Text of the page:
Meet the Tiny Windmills That Could Charge Your Phone Someday

Ten of these little power plants could fit on a grain of rice


A MEMS micro windmill, designed by Dr. Smitha Rao and J.C. Chiao, Professor of Electrical Engineering at University of Texas - Arlington.

Forgot your charger? Open a window and let your phone get a little air.

Researchers at the University of Texas Arlington say they have designed tiny windmills that could hook up to a cellphone and convert wind into battery life. The windmills are so small—10 can fit on a single grain of rice—that hundreds could potentially be connected to a phone to gather energy from natural wind or from waving the phone in the air for a few minutes.

Though the technology is at the earliest stages of development and may never make it to mass market, the researchers say it has already drawn the interest of the Taiwan-based technology company WinMEMS, which has agreed to commercialize the micro-windmills.

The designers, electrical engineering professor J.-C. Chiao and graduate research associate Smitha Rao, drew from traditional origami concepts and modern semiconductor device layouts to create the tiny power plants, which use durable nickel alloy material. They say the windmills could be used for quotidian tasks like energizing portable electronics or powering the lights in your home.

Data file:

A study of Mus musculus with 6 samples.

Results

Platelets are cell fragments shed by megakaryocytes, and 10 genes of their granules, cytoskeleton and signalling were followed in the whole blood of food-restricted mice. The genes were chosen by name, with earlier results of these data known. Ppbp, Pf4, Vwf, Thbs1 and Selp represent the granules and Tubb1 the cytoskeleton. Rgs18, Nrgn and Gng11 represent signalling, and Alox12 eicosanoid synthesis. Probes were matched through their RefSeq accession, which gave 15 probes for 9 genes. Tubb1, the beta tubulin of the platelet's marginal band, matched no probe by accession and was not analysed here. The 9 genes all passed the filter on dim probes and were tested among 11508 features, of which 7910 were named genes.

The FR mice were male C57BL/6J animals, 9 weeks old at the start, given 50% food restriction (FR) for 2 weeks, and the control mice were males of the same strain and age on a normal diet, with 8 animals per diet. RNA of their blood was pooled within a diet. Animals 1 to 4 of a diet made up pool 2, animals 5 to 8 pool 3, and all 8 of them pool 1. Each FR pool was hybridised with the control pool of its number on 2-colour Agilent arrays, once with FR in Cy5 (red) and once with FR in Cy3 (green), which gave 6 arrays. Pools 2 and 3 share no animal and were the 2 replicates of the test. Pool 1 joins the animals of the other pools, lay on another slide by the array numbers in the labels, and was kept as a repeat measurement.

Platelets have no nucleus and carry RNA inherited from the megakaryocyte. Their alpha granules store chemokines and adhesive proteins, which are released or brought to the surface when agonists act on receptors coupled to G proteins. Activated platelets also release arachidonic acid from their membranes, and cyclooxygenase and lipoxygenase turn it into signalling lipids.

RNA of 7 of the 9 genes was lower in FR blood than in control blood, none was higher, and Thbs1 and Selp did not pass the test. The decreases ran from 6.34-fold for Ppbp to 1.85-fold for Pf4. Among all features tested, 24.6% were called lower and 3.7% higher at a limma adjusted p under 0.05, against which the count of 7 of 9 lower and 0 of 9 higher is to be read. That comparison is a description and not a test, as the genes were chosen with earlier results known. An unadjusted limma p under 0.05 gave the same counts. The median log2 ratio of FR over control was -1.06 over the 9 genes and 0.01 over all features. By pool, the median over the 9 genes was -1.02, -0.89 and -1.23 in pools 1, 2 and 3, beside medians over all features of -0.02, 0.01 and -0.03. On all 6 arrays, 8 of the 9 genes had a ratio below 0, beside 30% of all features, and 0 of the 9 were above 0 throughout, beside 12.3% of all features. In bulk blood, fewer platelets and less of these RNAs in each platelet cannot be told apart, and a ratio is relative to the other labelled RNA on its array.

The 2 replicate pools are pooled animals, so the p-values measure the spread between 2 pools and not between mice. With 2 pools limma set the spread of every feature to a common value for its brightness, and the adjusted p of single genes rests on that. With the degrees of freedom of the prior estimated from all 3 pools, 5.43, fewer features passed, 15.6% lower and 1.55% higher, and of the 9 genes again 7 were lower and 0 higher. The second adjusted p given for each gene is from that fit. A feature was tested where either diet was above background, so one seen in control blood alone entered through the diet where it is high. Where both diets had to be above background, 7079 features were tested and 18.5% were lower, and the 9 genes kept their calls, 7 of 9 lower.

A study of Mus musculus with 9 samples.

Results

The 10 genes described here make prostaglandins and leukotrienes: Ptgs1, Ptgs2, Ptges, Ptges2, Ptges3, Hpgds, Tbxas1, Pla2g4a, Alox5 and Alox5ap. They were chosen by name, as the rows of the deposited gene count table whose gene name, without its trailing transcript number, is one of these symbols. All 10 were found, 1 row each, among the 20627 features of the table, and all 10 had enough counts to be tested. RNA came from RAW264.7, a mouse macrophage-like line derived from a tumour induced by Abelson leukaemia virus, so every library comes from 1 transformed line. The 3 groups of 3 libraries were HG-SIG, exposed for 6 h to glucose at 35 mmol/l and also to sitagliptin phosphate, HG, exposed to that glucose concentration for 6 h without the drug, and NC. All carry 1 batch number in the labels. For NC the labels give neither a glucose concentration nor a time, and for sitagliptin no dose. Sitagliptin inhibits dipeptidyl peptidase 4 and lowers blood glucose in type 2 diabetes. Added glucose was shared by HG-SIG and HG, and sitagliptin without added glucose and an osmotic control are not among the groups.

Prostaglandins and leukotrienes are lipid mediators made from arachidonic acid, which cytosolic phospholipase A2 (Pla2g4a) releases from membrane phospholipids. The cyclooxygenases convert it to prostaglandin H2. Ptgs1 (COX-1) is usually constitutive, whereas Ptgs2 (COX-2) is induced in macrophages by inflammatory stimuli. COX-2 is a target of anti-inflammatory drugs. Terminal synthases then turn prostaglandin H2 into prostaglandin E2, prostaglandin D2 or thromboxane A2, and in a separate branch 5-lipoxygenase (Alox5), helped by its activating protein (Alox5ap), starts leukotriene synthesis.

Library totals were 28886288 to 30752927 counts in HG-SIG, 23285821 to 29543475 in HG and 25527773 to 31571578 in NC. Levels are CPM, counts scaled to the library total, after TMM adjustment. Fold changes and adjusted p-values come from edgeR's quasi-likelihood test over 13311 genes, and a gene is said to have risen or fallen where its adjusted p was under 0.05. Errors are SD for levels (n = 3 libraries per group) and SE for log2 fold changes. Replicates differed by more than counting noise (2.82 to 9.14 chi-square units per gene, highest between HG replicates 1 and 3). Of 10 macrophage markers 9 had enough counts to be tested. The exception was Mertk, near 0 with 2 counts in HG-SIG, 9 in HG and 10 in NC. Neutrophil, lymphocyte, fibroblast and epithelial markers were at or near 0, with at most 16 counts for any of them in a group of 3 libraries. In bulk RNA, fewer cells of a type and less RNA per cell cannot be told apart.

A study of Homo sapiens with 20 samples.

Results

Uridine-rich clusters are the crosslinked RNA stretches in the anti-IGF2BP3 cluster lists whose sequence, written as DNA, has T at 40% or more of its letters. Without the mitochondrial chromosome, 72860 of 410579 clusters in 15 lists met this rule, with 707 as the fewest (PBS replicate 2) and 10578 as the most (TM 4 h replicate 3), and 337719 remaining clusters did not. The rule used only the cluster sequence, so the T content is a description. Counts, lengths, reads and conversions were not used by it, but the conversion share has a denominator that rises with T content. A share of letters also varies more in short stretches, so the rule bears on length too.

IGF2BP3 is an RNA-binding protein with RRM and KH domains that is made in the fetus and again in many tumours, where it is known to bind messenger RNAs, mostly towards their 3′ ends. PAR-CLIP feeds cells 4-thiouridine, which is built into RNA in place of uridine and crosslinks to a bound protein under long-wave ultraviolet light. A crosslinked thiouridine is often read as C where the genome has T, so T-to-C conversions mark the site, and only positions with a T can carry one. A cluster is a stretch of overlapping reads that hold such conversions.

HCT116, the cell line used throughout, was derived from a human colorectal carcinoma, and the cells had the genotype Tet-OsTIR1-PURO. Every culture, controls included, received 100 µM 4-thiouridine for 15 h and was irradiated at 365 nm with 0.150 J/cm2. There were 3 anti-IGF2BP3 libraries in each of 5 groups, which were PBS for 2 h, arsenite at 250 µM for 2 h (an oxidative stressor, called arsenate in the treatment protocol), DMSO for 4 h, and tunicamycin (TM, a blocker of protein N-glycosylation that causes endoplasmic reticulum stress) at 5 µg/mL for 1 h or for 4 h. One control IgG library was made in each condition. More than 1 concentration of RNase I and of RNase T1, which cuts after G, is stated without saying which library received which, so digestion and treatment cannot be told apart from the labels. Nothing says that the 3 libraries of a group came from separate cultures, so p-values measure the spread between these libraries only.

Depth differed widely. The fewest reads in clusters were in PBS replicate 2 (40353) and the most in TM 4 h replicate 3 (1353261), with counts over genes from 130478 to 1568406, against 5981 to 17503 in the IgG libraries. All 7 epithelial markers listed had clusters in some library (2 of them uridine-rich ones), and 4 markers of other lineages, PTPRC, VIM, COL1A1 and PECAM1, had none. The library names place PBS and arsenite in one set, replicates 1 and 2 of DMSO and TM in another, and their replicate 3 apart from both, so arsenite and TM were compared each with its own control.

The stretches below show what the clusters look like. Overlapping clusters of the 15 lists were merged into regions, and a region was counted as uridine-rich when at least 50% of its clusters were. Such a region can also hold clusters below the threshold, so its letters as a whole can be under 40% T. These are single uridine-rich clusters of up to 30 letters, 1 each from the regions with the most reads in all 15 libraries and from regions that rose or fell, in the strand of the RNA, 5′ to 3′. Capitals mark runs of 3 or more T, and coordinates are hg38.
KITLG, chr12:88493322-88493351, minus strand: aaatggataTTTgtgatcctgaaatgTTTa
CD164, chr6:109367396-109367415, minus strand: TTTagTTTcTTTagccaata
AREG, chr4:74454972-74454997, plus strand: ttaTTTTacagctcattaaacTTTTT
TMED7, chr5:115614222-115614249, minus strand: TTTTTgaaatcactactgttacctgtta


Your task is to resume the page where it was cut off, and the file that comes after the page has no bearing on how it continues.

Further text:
“We’ve only scratched the surface on how these micro-windmills might be used,” Rao said in a statement.


Oh Oh! This is no good!  Those tiny windmills will kill way to many bugs in the environment, so we can't have that!!!!!!!!!!!!!!


Reports of this sort should be approached with a great deal of skepticism, which the Time folks have clearly failed to do.  The problem is that no claim at all has been made concerning the usable energy output of these devices.  When I look at the pictures, all I see is a micro-propeller and no micro-generator.  The latter would be the more interesting development.  Without it, there is no usable output at all.  I seriously doubt that it can be demonstrated that the maximum amount of power that could be harnessed by any means from a breeze over (as opposed to through) a small area (e.g., hand sized) is sufficient to have any practical value.  

It may be that Time has failed to include some relevant technical information; but the fact that that some researchers have fabricated a miniature pinwheel is hardly impressive.  Indeed, modern fabrication techniques will support fabrication of much smaller devices of this sort.


If this invention pans out, we can eliminate a coal-fired power plant or two by installing the devices in Congress. I am assuming that hot air works better.